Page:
I was lucky enough to be involved at a Library Day at the Literary and Philosophical Society of Newcastle upon Tyne yesterday. Thanks to the good offices of the President Paul Gailiunas and the Librarian Kay Easson I was able to get access to the archives. Paul showed me the recently discovered recommendation book, which covers the period 1794-1801. Prior to looking at this book, I had thought that women were only allowed in the society from 1799, and then only as reading members, but it shows that after a query by one of the members, John Clennell (see below), the committee revealed that women had always been allowed, although none had ever joined, possibly because, the exchange with Clennell implies, they had never been very enthusiastic.
Clennell from the time he joins c. 1798 is an eager recommender of books, including Mary Hays’s Appeal to the Men of Great Britain on Behalf of Women (1798) and Maria Edgeworth’s Practical Education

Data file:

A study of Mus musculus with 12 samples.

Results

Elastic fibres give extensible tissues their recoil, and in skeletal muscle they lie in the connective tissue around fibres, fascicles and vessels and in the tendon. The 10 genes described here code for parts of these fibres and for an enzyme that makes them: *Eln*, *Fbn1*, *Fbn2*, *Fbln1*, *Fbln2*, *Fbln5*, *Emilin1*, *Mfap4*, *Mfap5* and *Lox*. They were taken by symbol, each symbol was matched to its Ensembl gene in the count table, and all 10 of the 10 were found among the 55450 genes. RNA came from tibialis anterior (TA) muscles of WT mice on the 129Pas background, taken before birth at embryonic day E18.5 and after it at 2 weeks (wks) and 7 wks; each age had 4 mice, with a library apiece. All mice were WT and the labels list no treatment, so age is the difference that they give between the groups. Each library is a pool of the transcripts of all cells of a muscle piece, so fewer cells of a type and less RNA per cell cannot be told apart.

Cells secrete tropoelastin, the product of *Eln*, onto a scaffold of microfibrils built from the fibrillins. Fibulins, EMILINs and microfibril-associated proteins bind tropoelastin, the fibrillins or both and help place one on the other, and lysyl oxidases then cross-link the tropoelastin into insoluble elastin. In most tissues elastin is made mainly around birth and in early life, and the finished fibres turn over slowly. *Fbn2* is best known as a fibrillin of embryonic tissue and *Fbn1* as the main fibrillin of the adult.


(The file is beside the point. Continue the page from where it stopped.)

One imagines, then, that his query to the committee about their intention of bringing in a new category of membership stemmed from a desire to have women more fully involved. As we can see from the photograph below,
he seems to have got wind of the discussion at the monthly meeting of December 1798 of a new category of ‘reading members’ and asked what was being proposed with regard to the admission of women. They reply from the committee written in below his query claims that that women had always been allowed as members, but this new category allows for their ‘delicacy’. The implication being, I think, from the committee’s point of view that they don’t need to be involved in the rough and tumble of the monthly meetings.
Clennell follows up by asking the committee to advertise the new category in the papers, but the committee doesn’t think this necessary. The upshot seems to be that the committee, unlike him, are not really that keen to have women in the place.
When Clennell set up the Hackney Subscription Library and Literary Institution in 1815 women seem to have been heavily involved.